Despite the rumours of a reduction in income tax, you may have expected that the Chancellor would keep this in his back pocket for now. Possibly for the Budget later this year or the Spring Statement next year in preparation for the rumoured Autumn 2023 general election.

Not many would have anticipated that the Chancellor would announce such a giveaway – or, more accurately, would announce the promise of such a giveaway - today. We all know that Covid has to be paid for and that inflation and interest rates are rising. Yet many are suffering hugely as a result of recent price increases, especially energy prices, and the increase in NICs this April to cover health and social care costs will hit many hard. So the Chancellor has decided that we all need something to look forward to and of course any party needs to find a vote winner in the run up to an election. The tactic of “there is light at the end of the tunnel” is not new, but the tactic of starting to prepare the manifesto so soon may be.

The Chancellor has promised a reduction in the basic rate of income tax to 19% from April 2024. However, the promised cut comes with the proviso that it will be done in a “responsible and affordable way”. This may mean that personal allowances will remain frozen or that there will be a hike in the higher and additional rates of tax, or that world events or inflation rule it out. It may mean something else entirely, but the promise of a tax cut so far in advance is a bold move and that proviso may be the Chancellor’s Get Out of Jail Free card when the time comes.

The announcement today that the NICs thresholds for employees and the self-employed will increase in July to align with the personal allowance makes sense. It clearly targets lower earners and is a progressive change, although there is an element of give with one hand and take with the other for those higher earners who will still see their overall NICs payments increase as a result of the planned April rate rise.

Looking at the numbers, the anticipated savings are:

  • those earning in excess of £12,570 will see a NICs saving of roughly £330 a year from July 2022 (although this does not take into account the April rate rise and only looks at the increase in the threshold); and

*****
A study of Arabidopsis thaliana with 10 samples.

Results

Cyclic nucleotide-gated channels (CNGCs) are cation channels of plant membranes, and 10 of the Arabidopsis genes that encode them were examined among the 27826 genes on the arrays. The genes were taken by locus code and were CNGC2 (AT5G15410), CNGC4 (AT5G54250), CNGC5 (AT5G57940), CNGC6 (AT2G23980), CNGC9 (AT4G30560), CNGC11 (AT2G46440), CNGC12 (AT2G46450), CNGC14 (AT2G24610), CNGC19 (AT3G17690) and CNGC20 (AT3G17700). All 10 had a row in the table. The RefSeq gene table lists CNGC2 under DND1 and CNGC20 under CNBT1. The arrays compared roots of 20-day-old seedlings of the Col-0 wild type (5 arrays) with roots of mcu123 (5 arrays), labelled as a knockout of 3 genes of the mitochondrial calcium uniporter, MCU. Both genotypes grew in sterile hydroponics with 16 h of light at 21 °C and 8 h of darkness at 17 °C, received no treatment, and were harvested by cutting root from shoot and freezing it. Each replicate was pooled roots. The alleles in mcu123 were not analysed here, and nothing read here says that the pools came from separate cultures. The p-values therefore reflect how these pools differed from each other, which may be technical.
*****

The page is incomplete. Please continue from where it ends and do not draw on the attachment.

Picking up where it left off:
• those earning in excess of £50,270 will save £377 in income tax from April 2024, with those earning between £12,570 and £50,270 receiving a proportion of this saving.

That is a total possible combined income tax and NICs saving in excess of £700 a year from 2024, assuming no other tax rates change and ignoring the April NIC increase this year. Whether this will be felt in the pockets of taxpayers will depend of course on the effects of inflation and general price increases.

The Autumn Budget speech later this year could be a long one as the Chancellor has also announced plans to encourage business investment and training and to improve R&D tax credits (including allowing cloud computing costs associated with R&D to qualify). Investment is key to the Chancellor’s “Capital People Ideas” priorities and the outcome of these plans should make for an interesting end to 2022.

Finally, the 5p per litre reduction in fuel duty from tonight was possibly the most widely expected announcement. The Chancellor is under pressure to keep many sides happy and he probably had no choice but to reduce the duty. The real surprise is that the reduction will be in place for 12 months. The reduction in the rate of VAT to 0% on solar panels and heat pumps is also welcomed, although the benefit of this change will be felt by fewer.